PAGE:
STM - Society in motion
Did you know it? The STM is using full-scale models to validate several aspects of the new MPM-10 métro cars. Some were used to ensure that the proposed layouts meet the needs of future users. One of them, created during the preliminary concept stage that ended in the summer of 2011, reflects the work accomplished to date.
Furthermore, the full-scale model of the future metro cars will soon be on display…
Verbatim : First scale models of future métro cars
Speaker 1 : Mario Beausoleil, Project Director, STM
Hello, my name is Mario Beausoleil, and I am the project director, in charge of the operational integration of the new MPM-10 métro railcars at the STM
Today, I’ll present the first of a series of models depicting the interior layout of the new métro we’re scheduled to receive in 2013-2014. Allow me to introduce Christian Roy, industrial designer for Labbé design, responsible for the industrial design of the new métro cars for the consortium
Speaker 2 : Christian Roy, industrial designer, Labbé design
Here is the layout for the train’s end cars. From a universal access perspective, we wanted to create an area in which it’s easy for persons with limited mobility to manœuvre, while still being inviting for all Montréal metro users. To that end, we’ve installed lower-back support bars that people can comfortably lean against. As for poles to hold onto, we’ve chosen vertical poles attached to each passenger seat and doubled them to give passengers a better grasp. And by having these poles only go halfway to the ceiling, it results in a more inviting, open space.
Another particular detail that we added were arm supports that give more shoulder space, more comfort for passengers, while freeing up the aisle, for greater passenger capacity. We’ve also pushed up the ceiling’s lateral sections and added indirect lighting. The overall effect is that of an open, inviting, and luminous space.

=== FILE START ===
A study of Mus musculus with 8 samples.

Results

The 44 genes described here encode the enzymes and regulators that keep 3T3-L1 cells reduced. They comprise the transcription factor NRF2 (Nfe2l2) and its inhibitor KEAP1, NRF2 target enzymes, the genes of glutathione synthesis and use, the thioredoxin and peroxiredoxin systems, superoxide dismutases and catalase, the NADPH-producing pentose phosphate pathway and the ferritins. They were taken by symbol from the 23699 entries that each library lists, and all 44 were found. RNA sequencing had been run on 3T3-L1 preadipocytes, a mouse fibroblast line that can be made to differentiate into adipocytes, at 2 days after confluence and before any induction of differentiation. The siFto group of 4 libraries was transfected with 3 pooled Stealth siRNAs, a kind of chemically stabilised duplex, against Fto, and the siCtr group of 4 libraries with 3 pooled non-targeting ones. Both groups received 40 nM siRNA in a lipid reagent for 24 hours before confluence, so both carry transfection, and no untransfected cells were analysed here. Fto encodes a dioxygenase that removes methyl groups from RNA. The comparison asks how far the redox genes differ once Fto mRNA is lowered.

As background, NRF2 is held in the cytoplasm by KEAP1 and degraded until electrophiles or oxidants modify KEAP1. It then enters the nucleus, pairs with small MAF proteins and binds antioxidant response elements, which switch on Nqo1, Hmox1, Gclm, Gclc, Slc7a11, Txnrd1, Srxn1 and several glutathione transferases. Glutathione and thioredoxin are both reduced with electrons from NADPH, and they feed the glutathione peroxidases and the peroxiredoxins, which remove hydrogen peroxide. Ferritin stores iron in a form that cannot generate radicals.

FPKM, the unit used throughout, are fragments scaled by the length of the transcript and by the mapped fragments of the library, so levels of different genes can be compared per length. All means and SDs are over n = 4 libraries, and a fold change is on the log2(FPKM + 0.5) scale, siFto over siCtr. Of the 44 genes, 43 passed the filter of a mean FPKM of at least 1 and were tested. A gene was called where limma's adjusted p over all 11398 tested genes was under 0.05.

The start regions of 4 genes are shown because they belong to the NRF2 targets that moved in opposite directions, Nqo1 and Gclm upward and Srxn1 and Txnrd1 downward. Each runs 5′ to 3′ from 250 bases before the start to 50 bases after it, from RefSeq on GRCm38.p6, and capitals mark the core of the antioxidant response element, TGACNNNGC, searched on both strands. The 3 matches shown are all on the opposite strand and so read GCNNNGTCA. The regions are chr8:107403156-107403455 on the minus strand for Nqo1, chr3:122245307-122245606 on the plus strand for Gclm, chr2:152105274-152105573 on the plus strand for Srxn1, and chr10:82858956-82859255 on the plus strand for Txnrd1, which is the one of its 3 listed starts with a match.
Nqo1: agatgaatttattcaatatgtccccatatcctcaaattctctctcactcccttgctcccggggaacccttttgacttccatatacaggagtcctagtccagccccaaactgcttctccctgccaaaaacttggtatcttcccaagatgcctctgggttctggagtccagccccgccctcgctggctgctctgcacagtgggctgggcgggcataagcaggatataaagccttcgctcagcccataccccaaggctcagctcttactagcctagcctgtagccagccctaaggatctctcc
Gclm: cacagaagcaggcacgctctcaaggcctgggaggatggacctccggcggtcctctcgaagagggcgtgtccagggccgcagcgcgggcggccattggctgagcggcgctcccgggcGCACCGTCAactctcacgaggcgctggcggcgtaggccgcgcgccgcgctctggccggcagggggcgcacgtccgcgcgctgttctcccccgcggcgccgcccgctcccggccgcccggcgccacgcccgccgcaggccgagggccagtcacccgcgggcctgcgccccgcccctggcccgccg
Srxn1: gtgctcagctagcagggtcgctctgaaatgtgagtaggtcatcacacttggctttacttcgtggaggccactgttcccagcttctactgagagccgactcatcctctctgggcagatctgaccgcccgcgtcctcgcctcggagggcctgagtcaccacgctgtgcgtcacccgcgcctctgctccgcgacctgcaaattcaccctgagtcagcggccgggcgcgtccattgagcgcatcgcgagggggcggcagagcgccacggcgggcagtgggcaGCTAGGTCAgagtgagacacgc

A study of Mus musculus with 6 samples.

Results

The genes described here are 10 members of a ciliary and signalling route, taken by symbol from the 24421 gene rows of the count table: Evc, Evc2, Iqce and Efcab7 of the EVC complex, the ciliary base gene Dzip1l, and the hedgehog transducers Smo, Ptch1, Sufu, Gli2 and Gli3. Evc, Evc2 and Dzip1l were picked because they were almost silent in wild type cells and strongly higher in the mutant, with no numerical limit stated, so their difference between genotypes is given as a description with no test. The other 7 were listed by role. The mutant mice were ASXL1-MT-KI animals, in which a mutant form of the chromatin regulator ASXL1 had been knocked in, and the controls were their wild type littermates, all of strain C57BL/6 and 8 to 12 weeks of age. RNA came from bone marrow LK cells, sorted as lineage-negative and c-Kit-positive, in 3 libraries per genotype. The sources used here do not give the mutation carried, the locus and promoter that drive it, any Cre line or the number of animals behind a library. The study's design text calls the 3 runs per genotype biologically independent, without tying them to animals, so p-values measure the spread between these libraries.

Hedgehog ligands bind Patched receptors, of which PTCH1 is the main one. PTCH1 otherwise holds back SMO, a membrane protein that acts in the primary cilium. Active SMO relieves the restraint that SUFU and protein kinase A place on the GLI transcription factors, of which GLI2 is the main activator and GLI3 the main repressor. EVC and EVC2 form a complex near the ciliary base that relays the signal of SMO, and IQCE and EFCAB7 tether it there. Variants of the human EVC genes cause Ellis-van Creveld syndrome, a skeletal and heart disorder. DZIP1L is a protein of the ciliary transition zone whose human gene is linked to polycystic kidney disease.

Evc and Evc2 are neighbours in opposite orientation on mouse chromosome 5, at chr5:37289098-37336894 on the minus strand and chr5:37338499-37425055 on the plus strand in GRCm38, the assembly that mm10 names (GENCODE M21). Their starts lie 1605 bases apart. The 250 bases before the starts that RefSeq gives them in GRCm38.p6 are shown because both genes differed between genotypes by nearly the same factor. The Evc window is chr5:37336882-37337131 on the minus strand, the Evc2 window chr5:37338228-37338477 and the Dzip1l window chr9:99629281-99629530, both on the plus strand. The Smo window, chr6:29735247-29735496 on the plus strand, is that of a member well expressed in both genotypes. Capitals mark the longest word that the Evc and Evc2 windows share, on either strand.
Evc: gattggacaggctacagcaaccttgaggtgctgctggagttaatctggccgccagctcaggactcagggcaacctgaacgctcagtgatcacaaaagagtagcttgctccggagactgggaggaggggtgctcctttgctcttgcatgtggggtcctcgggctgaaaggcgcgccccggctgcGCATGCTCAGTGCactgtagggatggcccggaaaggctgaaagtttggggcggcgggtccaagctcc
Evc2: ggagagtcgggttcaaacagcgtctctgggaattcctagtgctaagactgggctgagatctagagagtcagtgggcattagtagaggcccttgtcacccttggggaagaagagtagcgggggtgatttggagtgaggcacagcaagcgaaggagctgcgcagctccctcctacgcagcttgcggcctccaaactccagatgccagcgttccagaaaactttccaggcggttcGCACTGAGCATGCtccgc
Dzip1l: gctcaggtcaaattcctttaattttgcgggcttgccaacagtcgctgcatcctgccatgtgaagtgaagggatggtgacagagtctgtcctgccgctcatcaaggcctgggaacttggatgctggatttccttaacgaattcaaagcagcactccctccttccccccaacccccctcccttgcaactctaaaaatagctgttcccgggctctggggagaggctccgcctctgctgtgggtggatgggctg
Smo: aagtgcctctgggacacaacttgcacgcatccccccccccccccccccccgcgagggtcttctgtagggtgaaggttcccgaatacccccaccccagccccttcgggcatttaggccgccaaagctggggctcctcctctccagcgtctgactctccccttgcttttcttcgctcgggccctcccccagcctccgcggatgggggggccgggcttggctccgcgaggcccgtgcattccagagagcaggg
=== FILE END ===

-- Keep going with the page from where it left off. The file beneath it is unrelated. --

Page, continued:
The spot where I’m standing right now doesn’t exist in our current métro cars. It’s called an inter-circulation module. The new métro cars are being built with these modules to allow passengers to move from one car to another, and increase overall capacity. Behind me, we can see the famous doors, three on each side of a metro car, that are really much wider than the ones we have today. Wider doors mean that entering and exiting the cars is faster, resulting in a more fluid flow of people.
The new cars will also feature dynamic display screens for advertising. We’ll no longer have any wall supports for print ads. All ads will appear on LCD screens. As for the electronic display screens used to announce upcoming stations, they will be relocated at the extremity of each car, and show both the next stop and final terminus destination. They will also serve to inform passengers of any service disruptions which, we hope, will be few and far between.
We’ll see you again when we reach the next phase of development with the MPM-10 métro railcars.